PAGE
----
President Joe Biden on Wednesday ordered the appointment of a federal coordinator to oversee long-term recovery efforts in East Palestine, Ohio, following the February derailment of a Norfolk Southern train hauling toxic chemicals.
In an executive order, Biden tasked the Federal Emergency Management Agency tasked with appointing the coordinator who, as part of the role, “will conduct a comprehensive assessment of any unmet needs that are not addressed by Norfolk Southern and would qualify for Federal assistance” in the wake of the incident. The crash ignited a dayslong fire, spewing poisonous fumes into the area and killing thousands of fish and temporarily displacing residents.
In addition, the Environmental Protection Agency, which previously ordered Norfolk Southern to fully clean up the wreck, will continue to oversee removal and disposal of toxic waste from the derailment site and address any contamination in nearby surface stream sediment. Within 30 days of Wednesday’s order, the EPA will also provide a report to the president “on the status of air, soil, and water monitoring and whether Norfolk Southern continues to comply with the Federal Unilateral Administrative Order to address the imminent and substantial endangerment caused by the company’s derailment,” with subsequent reports every 60 days.
Wednesday’s executive order also tasks the departments of Health and Human Services and Transportation with producing their own reports over the next 60 days on the response to the derailment.
Biden drew criticism from congressional Republicans for his decision not to visit the site of the February train derailment – at the time, the president pointed to a robust federal response across agencies in the immediate aftermath of the derailment.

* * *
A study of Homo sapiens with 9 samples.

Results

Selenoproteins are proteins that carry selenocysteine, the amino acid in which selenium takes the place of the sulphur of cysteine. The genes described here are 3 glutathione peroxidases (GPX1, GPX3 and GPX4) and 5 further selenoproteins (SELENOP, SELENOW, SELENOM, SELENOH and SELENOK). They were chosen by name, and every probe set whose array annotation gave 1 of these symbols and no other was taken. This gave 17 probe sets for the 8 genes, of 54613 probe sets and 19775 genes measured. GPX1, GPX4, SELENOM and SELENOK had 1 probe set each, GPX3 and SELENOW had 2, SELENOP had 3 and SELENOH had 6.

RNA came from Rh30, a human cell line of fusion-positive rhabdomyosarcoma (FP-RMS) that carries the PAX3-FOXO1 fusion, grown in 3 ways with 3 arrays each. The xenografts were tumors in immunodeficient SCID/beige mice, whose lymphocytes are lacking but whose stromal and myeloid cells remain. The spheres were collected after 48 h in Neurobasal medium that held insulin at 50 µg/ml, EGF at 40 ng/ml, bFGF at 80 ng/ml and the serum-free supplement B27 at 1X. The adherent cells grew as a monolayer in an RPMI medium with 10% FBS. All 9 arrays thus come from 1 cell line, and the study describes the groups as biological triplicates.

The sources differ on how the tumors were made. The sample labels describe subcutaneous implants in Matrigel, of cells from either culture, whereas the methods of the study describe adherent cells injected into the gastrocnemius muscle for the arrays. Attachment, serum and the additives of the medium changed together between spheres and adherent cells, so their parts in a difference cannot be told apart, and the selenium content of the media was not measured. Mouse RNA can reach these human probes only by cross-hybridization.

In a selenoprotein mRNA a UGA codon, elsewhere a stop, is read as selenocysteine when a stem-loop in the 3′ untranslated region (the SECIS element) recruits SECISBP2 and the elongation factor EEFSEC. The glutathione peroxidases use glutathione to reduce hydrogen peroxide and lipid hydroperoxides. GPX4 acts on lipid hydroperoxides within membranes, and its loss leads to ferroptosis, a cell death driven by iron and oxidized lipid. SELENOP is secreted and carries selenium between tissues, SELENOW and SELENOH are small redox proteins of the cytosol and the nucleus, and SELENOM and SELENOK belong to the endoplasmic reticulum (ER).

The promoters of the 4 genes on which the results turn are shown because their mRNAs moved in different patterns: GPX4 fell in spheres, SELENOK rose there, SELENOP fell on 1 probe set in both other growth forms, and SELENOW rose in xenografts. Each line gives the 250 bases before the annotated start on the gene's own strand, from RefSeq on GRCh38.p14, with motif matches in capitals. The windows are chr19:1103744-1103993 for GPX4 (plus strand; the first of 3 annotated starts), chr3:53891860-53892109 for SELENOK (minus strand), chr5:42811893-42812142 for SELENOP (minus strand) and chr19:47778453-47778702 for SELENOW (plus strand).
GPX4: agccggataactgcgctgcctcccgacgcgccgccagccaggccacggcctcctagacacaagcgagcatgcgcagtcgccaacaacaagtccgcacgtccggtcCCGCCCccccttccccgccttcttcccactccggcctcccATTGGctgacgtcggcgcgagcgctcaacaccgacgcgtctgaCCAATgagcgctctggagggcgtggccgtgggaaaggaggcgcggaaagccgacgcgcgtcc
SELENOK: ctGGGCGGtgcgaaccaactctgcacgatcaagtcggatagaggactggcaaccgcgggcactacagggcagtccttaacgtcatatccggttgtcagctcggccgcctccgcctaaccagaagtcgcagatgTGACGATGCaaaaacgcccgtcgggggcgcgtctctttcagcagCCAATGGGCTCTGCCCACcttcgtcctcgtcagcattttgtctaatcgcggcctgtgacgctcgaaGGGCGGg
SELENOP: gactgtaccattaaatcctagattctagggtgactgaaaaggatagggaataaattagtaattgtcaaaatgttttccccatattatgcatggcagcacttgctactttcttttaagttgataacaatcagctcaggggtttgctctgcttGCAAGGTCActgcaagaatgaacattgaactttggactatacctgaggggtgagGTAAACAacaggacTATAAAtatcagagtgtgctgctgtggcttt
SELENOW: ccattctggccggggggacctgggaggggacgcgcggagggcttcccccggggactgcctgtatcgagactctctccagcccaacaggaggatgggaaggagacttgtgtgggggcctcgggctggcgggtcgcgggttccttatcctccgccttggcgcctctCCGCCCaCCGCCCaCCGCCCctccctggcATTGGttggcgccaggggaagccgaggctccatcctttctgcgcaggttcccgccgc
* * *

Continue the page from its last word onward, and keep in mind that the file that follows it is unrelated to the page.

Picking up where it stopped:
Shortly after the initial derailment, Biden traveled to Kyiv, drawing more partisan ire, including from East Palestine Mayor Trent Conaway, who told Fox News the president’s decision to visit war torn Ukraine in lieu of East Palestine was “the biggest slap in the face, that tells you right now he doesn’t care about us.”
The president was pressed earlier this month on his decision not to visit the area while surveying storm damage from Hurricane Idalia in Florida.
“Well, I haven’t had the occasion to go to East Palestine. There is a lot going on here, and I just haven’t been able to break. I was thinking whether I’d go to East Palestine this week, but I then was reminded I’ve got to go literally around the world,” Biden, who departed shortly after his comments for a trip to India and Vietnam. “But we’re making sure that East Palestine has what they need materially in order to deal with their problems.”
Pressed after Biden’s remarks, White House press secretary Karine Jean-Pierre reiterated at a news briefing on September 5 that Biden “is going to go to East Palestine,” but declined to share additional details.